The Doctor bends to the task of breaking in, but John Smith's already inside: "Oh, front door. I'm good at doors." He asks if the Doctor's breaking into the house with his sonic screwdriver, and the Doctor holds it up proudly. "That's a screwdriver. How's it sonic?" The Doctor raps his screwdriver against the doorframe: "...It makes a noise?" The Doctor is showing cracks in his performance.
"It started with a murder," the Doctor says, rifling through Fairchild's things, and John Smith nods, happily. The worse it gets, the more he loves it. "I mean, bad. But whose?" Mr. Jackson Lake, mathematics teacher from Sussex, came to London three weeks ago, subsequently "died a terrible death." Was it Cybermen? "It's hard to say, his body was never found, but that was the first of the secret murders, which were followed by abductions. "Children," the Doctor says in a hush, "Stolen away in silence."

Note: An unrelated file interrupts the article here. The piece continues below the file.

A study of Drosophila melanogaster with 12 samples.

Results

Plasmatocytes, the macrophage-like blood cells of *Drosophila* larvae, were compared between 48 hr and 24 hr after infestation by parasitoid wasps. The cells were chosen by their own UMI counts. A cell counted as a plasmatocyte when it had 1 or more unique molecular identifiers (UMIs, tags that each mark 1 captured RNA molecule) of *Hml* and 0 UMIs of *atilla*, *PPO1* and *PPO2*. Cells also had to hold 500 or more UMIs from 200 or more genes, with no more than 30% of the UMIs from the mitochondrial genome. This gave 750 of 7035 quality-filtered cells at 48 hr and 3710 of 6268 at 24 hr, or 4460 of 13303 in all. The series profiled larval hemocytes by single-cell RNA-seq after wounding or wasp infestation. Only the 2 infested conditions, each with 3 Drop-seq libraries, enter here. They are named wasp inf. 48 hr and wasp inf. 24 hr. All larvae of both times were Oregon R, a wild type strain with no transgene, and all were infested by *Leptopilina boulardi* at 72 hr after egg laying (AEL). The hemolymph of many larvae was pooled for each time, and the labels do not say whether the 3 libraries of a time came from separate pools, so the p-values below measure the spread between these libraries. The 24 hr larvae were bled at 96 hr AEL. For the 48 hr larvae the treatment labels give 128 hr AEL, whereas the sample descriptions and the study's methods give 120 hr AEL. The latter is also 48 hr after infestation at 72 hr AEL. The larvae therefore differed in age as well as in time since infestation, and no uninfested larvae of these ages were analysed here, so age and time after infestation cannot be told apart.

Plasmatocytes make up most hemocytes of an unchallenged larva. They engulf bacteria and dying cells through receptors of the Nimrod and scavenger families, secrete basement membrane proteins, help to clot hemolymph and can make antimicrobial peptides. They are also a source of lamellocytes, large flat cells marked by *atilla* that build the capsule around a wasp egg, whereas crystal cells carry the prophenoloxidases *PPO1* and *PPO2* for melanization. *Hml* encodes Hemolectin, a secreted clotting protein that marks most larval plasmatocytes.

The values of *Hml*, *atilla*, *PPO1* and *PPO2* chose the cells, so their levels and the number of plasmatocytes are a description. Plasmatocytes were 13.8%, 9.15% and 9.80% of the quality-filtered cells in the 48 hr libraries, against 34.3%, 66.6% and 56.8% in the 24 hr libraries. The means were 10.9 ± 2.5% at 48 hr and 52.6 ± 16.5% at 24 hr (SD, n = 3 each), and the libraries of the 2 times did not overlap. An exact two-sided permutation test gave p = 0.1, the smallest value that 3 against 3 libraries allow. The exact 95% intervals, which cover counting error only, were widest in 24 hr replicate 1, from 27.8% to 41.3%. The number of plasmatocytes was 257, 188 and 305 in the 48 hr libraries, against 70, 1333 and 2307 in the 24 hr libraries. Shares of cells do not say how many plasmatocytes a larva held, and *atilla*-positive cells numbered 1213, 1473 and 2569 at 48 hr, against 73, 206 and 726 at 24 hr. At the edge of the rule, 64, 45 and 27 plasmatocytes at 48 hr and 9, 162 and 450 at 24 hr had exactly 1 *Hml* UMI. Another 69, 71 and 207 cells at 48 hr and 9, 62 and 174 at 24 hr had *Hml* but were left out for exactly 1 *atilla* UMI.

The Doctor and Mr. Smith are in the home of the latest murder victim, Reverend Aubrey Fairchild. "Found with burns to his forehead, like some advanced form of electrocution." John Smith crosses his arms, and nearly his eyes, trying to work it out. What was important about the Reverend? The Doctor finally looks over at him and notes how he asks so many questions, John Smith. "I'm your Companion!" Companion to an ersatz brummagem Doctor in the Home Counties, a human Doctor, a good strong man not yet beaten down. A man with his memory taken? Just a man, to take the reins for awhile.
"The Reverend was the pillar of the community, a member of many parish boards. A keen advocate of children's charity." But why would the Cybermen want him dead? And what's the connection to the first death? (None of these questions means anything, and their answers even less; as a mystery, it's not even trying. I think this, combined with the wack wackiness of the Cybershade chase, is the reason I'm so lukewarm on this episode. I never like the Christmas Specials, but this one... Well, better than the Kylie one, at least. But as a bridge to the 2009 Specials it works. It certainly underlines where our boy's at, post-Donna, and how scary and sad it's still possible to get, which is all the mandate required. Still, ugh.)